Bernard Lee (Civil Rights Movement)


Civil Rights Movement[edit]

Lee began his civil rights career as a student at Alabama State College, from which he was expelled after leading more than half the student body in a march on the Alabama capitol.[1] During demonstrations for equal library access in 1960, he said: "My grandfather had only a prayer to help him. I have a prayer and an education."[2]

Bernard Lee was a courageous student activist, a founding member of the Student Nonviolent Coordinating Committee (SNCC). While attending Alabama State University (ASU), he led a sit-in at the Alabama state capitol cafeteria. He was expelled from ASU for the event after the governor threatened the university president, saying he would withhold funding from the HBCU if Lee was not expelled. So, he transferred to Morris Brown College in Atlanta, Georgia to work with the Southern Christian Leadership Conference (SCLC) and Dr. King, where he contributed to the Poor People’s Campaign and was at Dr. King’s side after his assassination. Lee later worked for the U.S. Government under President Carter and for Washington D.C. under Mayor Barry (Source NAACP 2014) (http://www.blackpast.org/aah/morris-brown-college-1885)

Lee was King's personal assistant and traveling companion for many years. He was arrested with King in 1960 and left the Student Nonviolent Coordinating Committee (SNCC) in 1961 so that he could work full time with King and the SCLC. He participated in the 1961 freedom rides and helped to orchestrate the Birmingham Campaign in 1963.[3] He went to Chicago with King in 1965. In January 1967, he was one of few in to accompany King to Jamaica while he wrote Where Do We Go From Here?[4]

Lee was closer to King than any other member of the Civil Rights Movement, so much that by some accounts he began to identify with King completely. According to historian Taylor Branch: "Lee had already come to dress like King, walk like King, and even to imitate King's long, measured phrases."[5]

Lee worked on the Poor People's Campaign after King's death in 1968.[3] He also became vice president of the SCLC, which diminished in power over the following years.[6]

Lee was directly privy to FBI targeting of King under COINTELPRO, having been present when King received a letter from the FBI urging him to commit suicide.[3] Lee sued the Federal Bureau of Investigation (FBI) in 1977 in an effort to force the release of recordings of King, collected by FBI wiretaps and bugs. Judge John Lewis denied the request and ordered the records sealed for 50 years.[7]

Later life[edit]

Lee worked during the Carter administration as a civil rights advisor to the Environmental Protection Agency. During this time he joined with other Black members of the administration to express concern over its policies toward Africa and African Americans.[8]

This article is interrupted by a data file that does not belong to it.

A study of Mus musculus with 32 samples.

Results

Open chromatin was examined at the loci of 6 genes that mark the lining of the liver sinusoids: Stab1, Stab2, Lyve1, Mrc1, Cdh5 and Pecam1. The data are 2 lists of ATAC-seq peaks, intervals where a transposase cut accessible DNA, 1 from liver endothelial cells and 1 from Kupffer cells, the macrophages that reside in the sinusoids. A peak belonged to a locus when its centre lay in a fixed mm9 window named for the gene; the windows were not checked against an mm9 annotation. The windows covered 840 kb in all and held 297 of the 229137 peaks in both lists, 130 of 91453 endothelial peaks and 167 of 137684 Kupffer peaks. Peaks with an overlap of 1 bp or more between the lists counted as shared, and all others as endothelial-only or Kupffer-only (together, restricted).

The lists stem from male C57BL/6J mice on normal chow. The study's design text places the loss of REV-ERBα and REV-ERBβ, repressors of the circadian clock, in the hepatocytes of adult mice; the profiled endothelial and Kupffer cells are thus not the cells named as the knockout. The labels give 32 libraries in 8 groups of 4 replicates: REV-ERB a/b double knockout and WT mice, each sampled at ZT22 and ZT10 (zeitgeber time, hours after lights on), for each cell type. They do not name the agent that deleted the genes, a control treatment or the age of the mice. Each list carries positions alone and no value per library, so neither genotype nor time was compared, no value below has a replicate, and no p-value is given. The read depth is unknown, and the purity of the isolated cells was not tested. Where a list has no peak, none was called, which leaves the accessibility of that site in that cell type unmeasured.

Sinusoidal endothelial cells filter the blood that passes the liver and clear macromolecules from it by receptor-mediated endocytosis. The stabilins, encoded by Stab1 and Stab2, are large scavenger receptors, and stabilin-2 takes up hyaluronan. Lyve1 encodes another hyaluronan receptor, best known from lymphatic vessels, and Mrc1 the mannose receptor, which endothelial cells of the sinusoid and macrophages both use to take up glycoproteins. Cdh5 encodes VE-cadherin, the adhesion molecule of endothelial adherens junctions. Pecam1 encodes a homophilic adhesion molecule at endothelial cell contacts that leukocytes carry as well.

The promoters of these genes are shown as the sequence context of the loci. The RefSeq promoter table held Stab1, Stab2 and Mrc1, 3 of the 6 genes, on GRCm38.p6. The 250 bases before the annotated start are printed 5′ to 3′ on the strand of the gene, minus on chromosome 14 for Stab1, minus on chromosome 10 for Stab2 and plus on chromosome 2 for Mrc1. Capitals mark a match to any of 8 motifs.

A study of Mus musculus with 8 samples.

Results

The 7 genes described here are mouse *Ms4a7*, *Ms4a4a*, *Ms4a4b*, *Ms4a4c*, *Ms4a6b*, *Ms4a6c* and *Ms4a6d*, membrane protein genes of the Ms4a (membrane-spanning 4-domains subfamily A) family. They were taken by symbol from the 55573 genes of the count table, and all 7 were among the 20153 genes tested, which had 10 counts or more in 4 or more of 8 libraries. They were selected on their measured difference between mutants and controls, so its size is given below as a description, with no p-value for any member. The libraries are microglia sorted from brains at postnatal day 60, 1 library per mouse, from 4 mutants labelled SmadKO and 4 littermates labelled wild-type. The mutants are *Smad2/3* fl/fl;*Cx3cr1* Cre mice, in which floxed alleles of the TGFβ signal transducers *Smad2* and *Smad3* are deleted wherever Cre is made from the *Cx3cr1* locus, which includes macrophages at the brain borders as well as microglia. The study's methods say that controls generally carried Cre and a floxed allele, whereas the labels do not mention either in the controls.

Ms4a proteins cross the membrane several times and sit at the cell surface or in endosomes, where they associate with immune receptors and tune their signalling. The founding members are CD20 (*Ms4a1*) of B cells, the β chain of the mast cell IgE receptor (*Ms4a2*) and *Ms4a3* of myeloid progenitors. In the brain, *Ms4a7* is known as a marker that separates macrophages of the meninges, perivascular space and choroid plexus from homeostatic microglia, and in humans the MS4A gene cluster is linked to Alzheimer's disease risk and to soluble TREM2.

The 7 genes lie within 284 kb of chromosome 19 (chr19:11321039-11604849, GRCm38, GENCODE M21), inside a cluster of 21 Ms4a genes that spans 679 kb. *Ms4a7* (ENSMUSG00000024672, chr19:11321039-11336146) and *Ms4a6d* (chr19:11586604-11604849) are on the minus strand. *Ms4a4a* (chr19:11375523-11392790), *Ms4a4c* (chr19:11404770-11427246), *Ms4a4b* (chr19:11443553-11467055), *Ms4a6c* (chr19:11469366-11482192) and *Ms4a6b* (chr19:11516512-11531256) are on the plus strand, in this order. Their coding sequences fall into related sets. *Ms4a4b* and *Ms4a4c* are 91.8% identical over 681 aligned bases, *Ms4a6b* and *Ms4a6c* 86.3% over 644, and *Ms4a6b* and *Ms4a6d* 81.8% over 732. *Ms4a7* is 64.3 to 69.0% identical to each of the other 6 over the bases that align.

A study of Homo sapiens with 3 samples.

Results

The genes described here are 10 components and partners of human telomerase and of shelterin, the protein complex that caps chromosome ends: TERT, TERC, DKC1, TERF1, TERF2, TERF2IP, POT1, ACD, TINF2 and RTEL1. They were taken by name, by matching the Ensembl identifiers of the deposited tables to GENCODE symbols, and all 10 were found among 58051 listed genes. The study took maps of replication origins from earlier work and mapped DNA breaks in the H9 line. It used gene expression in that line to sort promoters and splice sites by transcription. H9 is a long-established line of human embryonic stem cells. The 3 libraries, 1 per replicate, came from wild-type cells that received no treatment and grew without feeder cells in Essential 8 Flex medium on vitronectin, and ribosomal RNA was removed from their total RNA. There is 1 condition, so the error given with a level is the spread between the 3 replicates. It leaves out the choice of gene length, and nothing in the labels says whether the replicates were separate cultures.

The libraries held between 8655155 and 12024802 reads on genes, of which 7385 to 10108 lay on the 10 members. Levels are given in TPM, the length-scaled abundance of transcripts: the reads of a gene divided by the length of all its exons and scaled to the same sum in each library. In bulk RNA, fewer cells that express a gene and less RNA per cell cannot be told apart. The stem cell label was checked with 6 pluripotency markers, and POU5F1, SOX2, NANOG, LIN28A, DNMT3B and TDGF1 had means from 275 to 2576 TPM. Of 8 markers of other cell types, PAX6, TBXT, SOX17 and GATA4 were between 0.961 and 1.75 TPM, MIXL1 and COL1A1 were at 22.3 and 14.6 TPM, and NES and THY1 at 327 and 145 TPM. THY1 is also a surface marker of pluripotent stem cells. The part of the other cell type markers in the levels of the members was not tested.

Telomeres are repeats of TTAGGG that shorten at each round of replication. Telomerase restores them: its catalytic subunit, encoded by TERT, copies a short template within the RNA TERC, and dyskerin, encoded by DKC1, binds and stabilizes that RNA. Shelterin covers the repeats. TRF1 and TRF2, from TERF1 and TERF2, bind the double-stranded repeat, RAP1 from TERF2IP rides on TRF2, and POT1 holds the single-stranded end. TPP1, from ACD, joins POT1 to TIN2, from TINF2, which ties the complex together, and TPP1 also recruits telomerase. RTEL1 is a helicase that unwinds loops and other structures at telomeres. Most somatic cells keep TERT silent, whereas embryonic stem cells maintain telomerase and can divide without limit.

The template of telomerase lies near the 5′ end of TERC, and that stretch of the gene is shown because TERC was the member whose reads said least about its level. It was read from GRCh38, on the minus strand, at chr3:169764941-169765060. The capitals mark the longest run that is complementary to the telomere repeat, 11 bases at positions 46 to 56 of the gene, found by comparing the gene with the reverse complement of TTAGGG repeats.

In 1985, Lee received a Masters' Degree in Divinity from Howard University, and became the chaplain at Lorton Prison in Virginia.[3]

In 1989, he was involved in a public dispute with Ralph Abernathy over Abernathy's book And The Walls Came Tumbling Down. Lee criticized Abernathy's book, which supported rumors about King's extramarital sex life.[9][10]

Lee died of heart failure in 1991.[11]

See also[edit]

References[edit]

  1. ^ Patterson Toby Graham, A Right to Read: Segregation and Civil Rights in Alabama's Public Libraries, 1900-1965, University of Alabama Press, 2002, ISBN 9780817311445, pp. 75–76.
  2. ^ Patterson Toby Graham, A Right to Read: Segregation and Civil Rights in Alabama's Public Libraries, 1900-1965, University of Alabama Press, 2002, ISBN 9780817311445, pp. 70–71.
  3. ^ a b c d "Lee, Bernard Scott (1935-1991)", Martin Luther King, Jr., Research and Education Institute, accessed 7 November 2012.
  4. ^ Steve Fayer, Henry Hampton, Voices of Freedom: An Oral History of the Civil Rights Movement from the 1950s Through the 1980s, Random House Digital, 1991.
  5. ^ Taylor Branch, Parting the Waters: America in the King Years 1954-63, New York: 9780671687427, Simon & Schuster, 1989, ISBN , p. 558. (See: America in the King Years.)
  6. ^ Michael Blim, "Abernathy's civil-rights group falters: Money troubles persist", Christian Science Monitor, 29 August 1974, p. 5B.
  7. ^ "Judge orders seal on King wiretaps", Deseret News (UPI), 1 February 1977.
  8. ^ Terrence Smith, "Black Aids Discuss Concern Over Carter Record", New York Times, 16 May 1979; accessed via ProQuest.
  9. ^ Ralph Abernathy interview with Brian Lamb, C-SPAN, 29 October 1989.
  10. ^ James S. Kunen, Jane Sanderson, Tom Nugent, Elizabeth Velez, "A Bitter Battle Erupts Over the Last Hours of Martin Luther King", People 32(18), 30 October 1989.
  11. ^ "Obituary: Rev. Bernard Lee, 55, Civil Rights Advocate". The New York Times. February 14, 1991. Retrieved 29 October 2010.